Instagram Hackers Using “90% OFF Ray Ban Sunglasses” Posts To Steal Your Account. Beware
As an Instagram user, you need to be very careful about a new scam that gives hackers access to your account.
Nowadays there are posts promising huge discounts on Ray-Ban sunglasses are circulating around social media platforms – but, the truth is that they dangerous cons designed to nab your financial details.
The post looks like exactly below-
If you are a regular Instagram user, you might have seen pals offering Ray-Ban sunglasses at huge discounted price.
One such post, heavily circulated on Instagram promises to knock 90% off a pair of designer shades-bringing the price down from £199.90 to £17.65.
This particular post links you out to a website which is nothing but a big scam.
The Ray-Ban discount deal is not real at all, rather it’s a phishing plot to steal your personal details and, your Instagram credentials too.
The offer is obviously too good to be true, but it’s designed to be tempting enough to lure unwitting Instagram victims into typing in a dodgy web address.
And once your account is hijacked, crooks can use your profile to spread the scam post to even more people.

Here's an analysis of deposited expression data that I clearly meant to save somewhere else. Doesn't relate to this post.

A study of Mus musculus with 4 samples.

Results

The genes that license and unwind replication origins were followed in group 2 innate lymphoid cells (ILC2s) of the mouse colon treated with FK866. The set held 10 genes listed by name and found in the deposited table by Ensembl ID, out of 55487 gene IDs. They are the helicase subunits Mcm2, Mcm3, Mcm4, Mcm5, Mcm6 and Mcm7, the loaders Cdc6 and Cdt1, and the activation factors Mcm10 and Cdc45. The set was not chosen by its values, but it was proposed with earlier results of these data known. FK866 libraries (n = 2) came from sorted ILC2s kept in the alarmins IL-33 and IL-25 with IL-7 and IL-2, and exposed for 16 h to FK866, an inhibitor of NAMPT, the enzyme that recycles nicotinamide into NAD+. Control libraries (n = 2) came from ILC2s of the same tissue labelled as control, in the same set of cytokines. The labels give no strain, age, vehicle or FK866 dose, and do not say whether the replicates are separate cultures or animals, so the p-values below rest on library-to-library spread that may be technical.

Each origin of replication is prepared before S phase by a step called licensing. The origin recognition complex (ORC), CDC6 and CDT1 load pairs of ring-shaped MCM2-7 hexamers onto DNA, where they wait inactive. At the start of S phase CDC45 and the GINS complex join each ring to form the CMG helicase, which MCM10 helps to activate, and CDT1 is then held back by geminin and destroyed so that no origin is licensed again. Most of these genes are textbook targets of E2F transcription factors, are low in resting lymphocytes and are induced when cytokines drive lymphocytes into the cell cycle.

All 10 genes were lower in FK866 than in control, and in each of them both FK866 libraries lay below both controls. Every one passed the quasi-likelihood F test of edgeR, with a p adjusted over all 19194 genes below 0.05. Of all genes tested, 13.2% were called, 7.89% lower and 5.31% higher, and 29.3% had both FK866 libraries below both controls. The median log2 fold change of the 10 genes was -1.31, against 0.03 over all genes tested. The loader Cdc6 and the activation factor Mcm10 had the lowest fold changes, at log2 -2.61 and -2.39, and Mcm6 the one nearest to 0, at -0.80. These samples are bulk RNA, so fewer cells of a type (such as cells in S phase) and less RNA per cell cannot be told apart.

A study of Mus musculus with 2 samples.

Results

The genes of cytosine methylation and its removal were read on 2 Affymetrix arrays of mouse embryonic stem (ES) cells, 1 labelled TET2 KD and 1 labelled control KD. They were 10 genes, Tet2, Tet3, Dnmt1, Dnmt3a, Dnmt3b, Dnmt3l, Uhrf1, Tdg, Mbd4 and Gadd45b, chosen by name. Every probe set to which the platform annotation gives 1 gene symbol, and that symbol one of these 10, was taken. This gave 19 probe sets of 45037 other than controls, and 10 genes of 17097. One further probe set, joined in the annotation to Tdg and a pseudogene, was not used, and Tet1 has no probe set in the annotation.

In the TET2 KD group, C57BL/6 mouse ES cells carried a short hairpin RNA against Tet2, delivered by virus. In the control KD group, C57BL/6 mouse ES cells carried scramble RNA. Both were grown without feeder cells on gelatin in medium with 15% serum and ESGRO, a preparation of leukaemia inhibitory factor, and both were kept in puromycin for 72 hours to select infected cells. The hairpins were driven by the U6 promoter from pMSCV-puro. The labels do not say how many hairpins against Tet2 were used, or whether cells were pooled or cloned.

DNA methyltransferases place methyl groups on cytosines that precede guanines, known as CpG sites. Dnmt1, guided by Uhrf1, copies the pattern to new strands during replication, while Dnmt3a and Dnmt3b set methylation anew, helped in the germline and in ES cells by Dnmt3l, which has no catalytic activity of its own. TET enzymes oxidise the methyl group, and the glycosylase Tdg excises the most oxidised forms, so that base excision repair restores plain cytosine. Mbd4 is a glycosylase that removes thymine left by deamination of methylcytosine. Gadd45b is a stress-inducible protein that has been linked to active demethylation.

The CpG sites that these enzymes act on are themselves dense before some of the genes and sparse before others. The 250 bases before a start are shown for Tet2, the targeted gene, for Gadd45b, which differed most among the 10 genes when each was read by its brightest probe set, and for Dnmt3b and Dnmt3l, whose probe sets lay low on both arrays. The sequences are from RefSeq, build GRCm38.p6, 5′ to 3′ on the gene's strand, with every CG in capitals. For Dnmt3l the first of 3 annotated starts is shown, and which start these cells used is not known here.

One scam victim from London told The Sun: “A mate saw the post on my page and asked my why I was posting about Ray-Ban sunglasses.
“Someone had got into my account and posted the photo.
“I’d seen the same post appear on four other accounts I follow too, so it’s obviously widespread.”
These types of phishing scams are not something new because they are not difficult to execute and works very effectively.
Cracking someone’s information manually is a difficult job and that’s the reason why hackers mainly depend on tricking you into handing over sensitive information by yourself.
And premium goods offered at discounted prices are a good way for crooks to make people forget basic common sense cybersecurity advice.
“This appears to be the continuation of, or perhaps the resumption after a lull in, the long-established abuse of compromised social media accounts to post fake ads, or ads for fake goods,” said Nick FitzGerald, a cybersecurity expert at ESET.
“Over the years we have seen Twitter, Facebook, Instagram and other online platforms abused to post ads for various footwear brands (notably Adidas and UGG), medications, and Ray-Bans, among many other things.”
It’s also possible that some of the accounts were bought up on the dark web and used to spread the scam posts.
Paul Bishoff, the privacy advocate of comparitech.com said: “It sounds like someone bought a bunch of hacked Instagram accounts on the dark web and used them to spread spam.”